Mark, In the past everyone--borrowers and lenders--expected home prices to keep rising, making the risk of loose lending requirements okay. Not anymore.
So right. It's gone the other way, to some extent.
While we're on the topic of lending requirements, do you have any tips for first-time buyers when it comes to preparing to buy a home?
Buyers need to have all their ducks in a row. And be pre-approved for a mortgage.
How good does your credit score have to be?
Janet, you don't have to have a pristine credit record. Lenders like to see 740 for the best rate, but if it's lower, you can still get a loan.
Janet, to snag the best interest rates on a mortgage, you need a credit score of 740 or more. You can get in with less, but you'll have to pay a higher rate.
There have been so many articles out there about how the younger generation's move-back-home lifestyle is "killing" the housing market.
There are so many reasons, and that's probably one of them.
Dave, Good point. I like looking at the Web sites of local multiple-listing services or real estate brokerages for the latest information and leads to selling agents.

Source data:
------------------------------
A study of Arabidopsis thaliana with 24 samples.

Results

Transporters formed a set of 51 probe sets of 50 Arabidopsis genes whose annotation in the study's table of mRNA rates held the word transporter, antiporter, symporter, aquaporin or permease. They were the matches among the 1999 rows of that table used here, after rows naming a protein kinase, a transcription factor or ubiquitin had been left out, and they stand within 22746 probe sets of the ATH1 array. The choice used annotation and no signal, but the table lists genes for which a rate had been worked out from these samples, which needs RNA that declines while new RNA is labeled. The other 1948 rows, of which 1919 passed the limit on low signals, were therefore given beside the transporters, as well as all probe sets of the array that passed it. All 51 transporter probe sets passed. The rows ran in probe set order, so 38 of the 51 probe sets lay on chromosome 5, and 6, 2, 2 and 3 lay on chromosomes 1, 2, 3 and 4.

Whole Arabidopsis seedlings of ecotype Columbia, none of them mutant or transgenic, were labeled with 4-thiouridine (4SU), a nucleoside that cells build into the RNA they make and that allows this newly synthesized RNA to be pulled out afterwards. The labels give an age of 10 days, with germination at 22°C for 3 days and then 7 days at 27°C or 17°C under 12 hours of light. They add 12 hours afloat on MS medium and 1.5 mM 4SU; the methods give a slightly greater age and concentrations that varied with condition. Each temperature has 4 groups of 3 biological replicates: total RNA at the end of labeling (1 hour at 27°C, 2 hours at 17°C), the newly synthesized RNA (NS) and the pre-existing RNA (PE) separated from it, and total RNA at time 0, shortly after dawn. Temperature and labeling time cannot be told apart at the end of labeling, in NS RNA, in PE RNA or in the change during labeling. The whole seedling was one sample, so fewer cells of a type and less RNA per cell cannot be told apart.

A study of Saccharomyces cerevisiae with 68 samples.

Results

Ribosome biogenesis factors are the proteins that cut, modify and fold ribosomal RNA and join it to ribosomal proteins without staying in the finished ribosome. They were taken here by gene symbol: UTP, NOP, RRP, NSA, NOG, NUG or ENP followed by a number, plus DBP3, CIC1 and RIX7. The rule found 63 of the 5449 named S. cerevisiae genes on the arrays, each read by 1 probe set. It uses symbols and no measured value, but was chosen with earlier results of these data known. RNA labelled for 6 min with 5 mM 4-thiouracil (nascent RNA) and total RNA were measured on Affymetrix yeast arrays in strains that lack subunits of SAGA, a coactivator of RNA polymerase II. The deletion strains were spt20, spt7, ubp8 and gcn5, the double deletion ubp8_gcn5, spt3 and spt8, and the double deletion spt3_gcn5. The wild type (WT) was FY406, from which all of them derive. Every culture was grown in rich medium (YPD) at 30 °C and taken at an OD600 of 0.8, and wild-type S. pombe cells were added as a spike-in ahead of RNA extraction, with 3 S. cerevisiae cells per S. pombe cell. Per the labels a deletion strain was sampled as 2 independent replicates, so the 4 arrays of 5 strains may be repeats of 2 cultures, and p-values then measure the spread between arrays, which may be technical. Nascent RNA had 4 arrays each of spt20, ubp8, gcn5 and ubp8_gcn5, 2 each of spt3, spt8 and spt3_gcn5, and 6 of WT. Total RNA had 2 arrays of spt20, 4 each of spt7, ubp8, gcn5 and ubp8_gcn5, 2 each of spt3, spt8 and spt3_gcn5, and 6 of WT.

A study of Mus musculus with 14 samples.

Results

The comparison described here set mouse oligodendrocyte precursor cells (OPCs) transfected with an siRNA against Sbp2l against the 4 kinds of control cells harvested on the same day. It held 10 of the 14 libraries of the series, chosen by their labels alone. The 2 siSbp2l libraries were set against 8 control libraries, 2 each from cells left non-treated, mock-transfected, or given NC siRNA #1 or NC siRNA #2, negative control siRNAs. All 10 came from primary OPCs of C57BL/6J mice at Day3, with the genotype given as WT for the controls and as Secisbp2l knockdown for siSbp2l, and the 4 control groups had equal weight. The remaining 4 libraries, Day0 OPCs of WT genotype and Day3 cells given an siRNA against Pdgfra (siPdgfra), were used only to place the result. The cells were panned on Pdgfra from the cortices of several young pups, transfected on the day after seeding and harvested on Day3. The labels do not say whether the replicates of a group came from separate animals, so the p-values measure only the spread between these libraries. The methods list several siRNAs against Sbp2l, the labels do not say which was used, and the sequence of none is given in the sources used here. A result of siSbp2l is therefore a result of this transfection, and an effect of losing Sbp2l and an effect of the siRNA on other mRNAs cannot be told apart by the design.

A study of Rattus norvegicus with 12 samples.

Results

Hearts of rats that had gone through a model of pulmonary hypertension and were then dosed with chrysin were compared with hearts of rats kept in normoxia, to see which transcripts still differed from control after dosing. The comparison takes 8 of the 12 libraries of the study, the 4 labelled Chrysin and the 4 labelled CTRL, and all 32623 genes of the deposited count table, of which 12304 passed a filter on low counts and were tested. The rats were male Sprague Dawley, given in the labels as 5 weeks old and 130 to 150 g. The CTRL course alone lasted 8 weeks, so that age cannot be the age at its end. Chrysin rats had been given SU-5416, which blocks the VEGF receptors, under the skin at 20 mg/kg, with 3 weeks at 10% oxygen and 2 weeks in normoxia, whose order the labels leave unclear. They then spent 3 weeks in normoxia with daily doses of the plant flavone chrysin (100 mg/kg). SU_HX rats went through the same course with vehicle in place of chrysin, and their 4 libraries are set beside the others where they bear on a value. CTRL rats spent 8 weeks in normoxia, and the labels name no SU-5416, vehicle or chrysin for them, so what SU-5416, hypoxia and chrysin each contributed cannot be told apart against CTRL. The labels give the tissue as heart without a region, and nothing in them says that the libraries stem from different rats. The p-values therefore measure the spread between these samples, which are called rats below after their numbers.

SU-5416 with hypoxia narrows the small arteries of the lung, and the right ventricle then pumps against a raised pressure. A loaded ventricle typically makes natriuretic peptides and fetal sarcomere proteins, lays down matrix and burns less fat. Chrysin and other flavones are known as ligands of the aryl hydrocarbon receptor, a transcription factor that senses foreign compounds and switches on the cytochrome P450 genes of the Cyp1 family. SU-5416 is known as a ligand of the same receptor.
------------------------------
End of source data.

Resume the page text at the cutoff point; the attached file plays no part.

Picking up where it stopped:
Another thing that's killing the housing market is the number of foreclosures.
K, as the economy improves and young people feel they can afford to move out, that will change.
Bye, Dave. Let me hit foreclsoures first.
But foreclosures are also good news for first-time buyers because it has lowered prices.
Yes, the rate of foreclosures coming to market has been hastening, mostly ones that were held up by the foreclosure-processing moratoriums.
Let's move on to our next question from Vince.
Now that the moratoriums have ended, foreclosures are coming to market again. They tend to depress home prices.